No Coverage for Suit Filed after Claims-Made Policy Expired

August 2004

In an unpublished opinion, the Eastern District of Louisiana has held that an insurer that issued a claims-made public officials and employees liability policy to a city did not have an obligation to provide coverage for a lawsuit filed three years after the policy expired. Global ADR, Inc. v. City of Hammond, 2004 WL 1562840 (E.D. La. July 12, 2004). The court rejected the city's argument that the lawsuit related back to a prior lawsuit filed during the policy period, reasoning that the prior lawsuit was for injunctive relief only and therefore did not constitute a claim under the policy.

The insurer issued a claims-made policy to the city for the period from July 1, 1999 to July 1, 2000. The policy provided that "all Claims against any insureds arising out of the same Wrongful Act, or logically or causally connected Wrongful Act, will be considered one Claim. All such Claims will be considered first made at the time the earliest such Claim was made against any insured." The policy defined "claim" as a "demand for money as of right." The policy also stated that if the insured provided written notice of Wrongful Acts "which might reasonably be expected to give rise to a Claim…then any Claim subsequently made against the Insured by reason of the Wrongful Act shall be deemed to have been first made during the Policy Period."

The plaintiffs sought to purchase a piece of real property with the intent to use it for commercial purposes. However, because the property was in an area that was zoned as "residential," they requested a "conditional use" exception from the city. The city council passed an ordinance granting the conditional use. The plaintiffs then closed on the property. During the policy period, a group of neighbors challenged the ordinance in state court and the ordinance was stricken on the basis that the city council failed to advertise amendments to the ordinance prior to its passage. The complaint sought only injunctive relief. Three years later, after the policy had expired, the underlying plaintiffs brought suit against the city, its insurer and individual city officials, asserting Fifth Amendment, tort and substantive due process claims pursuant to 42 U.S.C. § 1983. The insurer sought dismissal from the case, arguing that the policy did not provide coverage for the lawsuit since it was filed after the policy had expired.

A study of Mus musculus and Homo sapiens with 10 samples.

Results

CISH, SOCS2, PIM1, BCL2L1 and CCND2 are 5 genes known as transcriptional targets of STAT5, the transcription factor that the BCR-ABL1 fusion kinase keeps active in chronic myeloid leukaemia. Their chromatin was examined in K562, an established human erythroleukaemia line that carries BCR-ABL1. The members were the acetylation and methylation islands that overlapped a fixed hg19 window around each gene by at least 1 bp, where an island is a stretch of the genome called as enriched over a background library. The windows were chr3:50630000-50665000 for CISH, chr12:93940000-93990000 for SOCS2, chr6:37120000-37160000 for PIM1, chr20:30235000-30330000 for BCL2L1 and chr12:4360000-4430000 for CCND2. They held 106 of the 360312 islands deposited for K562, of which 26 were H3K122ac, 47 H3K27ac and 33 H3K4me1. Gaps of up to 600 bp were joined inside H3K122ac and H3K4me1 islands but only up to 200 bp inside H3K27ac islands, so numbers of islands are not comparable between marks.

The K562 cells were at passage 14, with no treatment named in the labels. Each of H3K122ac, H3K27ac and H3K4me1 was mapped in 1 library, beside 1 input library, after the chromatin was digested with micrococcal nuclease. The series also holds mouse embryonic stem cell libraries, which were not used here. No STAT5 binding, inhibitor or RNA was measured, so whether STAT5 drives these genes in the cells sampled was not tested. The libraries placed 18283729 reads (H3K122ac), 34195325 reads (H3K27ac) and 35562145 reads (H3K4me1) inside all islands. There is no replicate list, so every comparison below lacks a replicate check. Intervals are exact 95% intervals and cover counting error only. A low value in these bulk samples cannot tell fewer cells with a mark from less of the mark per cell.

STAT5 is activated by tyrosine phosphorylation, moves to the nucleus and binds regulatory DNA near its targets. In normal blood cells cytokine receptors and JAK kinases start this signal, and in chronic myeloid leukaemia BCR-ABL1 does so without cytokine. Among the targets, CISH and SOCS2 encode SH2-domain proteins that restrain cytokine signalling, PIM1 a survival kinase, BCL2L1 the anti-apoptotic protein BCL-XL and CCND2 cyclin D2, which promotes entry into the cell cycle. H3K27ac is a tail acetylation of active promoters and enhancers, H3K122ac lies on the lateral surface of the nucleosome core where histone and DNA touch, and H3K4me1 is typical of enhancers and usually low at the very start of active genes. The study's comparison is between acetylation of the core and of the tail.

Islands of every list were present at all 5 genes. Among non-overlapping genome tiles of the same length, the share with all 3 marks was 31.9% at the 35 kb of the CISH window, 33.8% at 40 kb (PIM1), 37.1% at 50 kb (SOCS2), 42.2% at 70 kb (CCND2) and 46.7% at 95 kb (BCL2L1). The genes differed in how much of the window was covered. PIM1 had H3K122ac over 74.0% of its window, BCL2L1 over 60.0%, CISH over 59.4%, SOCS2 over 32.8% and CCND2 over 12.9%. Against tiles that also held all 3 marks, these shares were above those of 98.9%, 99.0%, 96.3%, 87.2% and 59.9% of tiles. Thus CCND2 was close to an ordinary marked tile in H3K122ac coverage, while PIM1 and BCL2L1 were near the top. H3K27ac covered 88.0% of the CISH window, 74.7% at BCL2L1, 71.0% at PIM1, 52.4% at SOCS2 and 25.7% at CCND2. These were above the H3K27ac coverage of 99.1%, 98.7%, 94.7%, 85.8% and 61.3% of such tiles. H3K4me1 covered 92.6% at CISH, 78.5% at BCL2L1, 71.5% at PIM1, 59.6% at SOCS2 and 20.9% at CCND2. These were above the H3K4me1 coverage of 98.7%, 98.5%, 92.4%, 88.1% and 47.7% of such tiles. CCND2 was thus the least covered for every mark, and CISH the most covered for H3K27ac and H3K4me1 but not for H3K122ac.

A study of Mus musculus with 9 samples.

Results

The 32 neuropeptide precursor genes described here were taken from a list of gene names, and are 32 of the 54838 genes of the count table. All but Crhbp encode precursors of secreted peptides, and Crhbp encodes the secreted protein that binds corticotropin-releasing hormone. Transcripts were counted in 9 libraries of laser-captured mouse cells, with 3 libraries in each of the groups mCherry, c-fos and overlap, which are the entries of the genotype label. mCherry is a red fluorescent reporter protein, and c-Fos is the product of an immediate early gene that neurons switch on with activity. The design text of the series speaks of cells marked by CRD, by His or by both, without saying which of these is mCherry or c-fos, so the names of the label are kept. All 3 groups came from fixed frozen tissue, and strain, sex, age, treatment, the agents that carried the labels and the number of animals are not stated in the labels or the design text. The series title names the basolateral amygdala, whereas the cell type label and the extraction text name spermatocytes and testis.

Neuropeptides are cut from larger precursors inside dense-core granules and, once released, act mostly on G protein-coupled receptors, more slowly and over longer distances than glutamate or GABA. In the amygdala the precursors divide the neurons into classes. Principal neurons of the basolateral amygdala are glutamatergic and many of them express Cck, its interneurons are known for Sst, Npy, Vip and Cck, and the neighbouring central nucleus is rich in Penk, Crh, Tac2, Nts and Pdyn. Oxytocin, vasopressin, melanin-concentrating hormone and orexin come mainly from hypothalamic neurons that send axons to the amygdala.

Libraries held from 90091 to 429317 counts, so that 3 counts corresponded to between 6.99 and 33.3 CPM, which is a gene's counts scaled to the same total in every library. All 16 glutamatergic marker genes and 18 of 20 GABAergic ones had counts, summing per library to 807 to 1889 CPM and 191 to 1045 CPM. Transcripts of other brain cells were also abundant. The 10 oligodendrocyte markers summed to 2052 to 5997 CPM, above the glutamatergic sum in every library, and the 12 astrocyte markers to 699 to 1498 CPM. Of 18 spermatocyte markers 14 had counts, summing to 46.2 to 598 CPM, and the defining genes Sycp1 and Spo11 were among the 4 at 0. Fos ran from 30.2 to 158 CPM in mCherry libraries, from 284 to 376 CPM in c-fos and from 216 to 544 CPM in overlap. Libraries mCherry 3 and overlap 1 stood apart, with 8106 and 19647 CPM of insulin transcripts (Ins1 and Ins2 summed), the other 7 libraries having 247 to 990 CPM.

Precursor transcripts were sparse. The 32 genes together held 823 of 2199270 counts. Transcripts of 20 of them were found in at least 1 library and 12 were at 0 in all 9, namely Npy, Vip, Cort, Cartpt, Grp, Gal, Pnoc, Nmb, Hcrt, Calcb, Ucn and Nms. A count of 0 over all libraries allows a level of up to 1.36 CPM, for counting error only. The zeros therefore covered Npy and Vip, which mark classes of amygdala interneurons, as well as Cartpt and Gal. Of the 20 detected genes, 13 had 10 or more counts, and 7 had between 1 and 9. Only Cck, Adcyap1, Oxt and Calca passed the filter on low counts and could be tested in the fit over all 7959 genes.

The plaintiff argued that the initial litigation challenging the ordinance, which was commenced on December 6, 1999, was a claim made during the policy period, and that the present claim should be deemed to have also been made during the policy period because it arose out of the same Wrongful Act. The court rejected that argument, explaining that the earlier litigation was not a "claim" under the policy since it sought injunctive relief, not money damages. The court also found that a letter dated December 13, 1999, seeking coverage for the prior litigation did not serve as notice of a potential claim under the policy because it simply informed the insurer of the suit for injunctive relief, and "it cannot be said that [the insurer] knew or should have known of any further litigation or potential claim."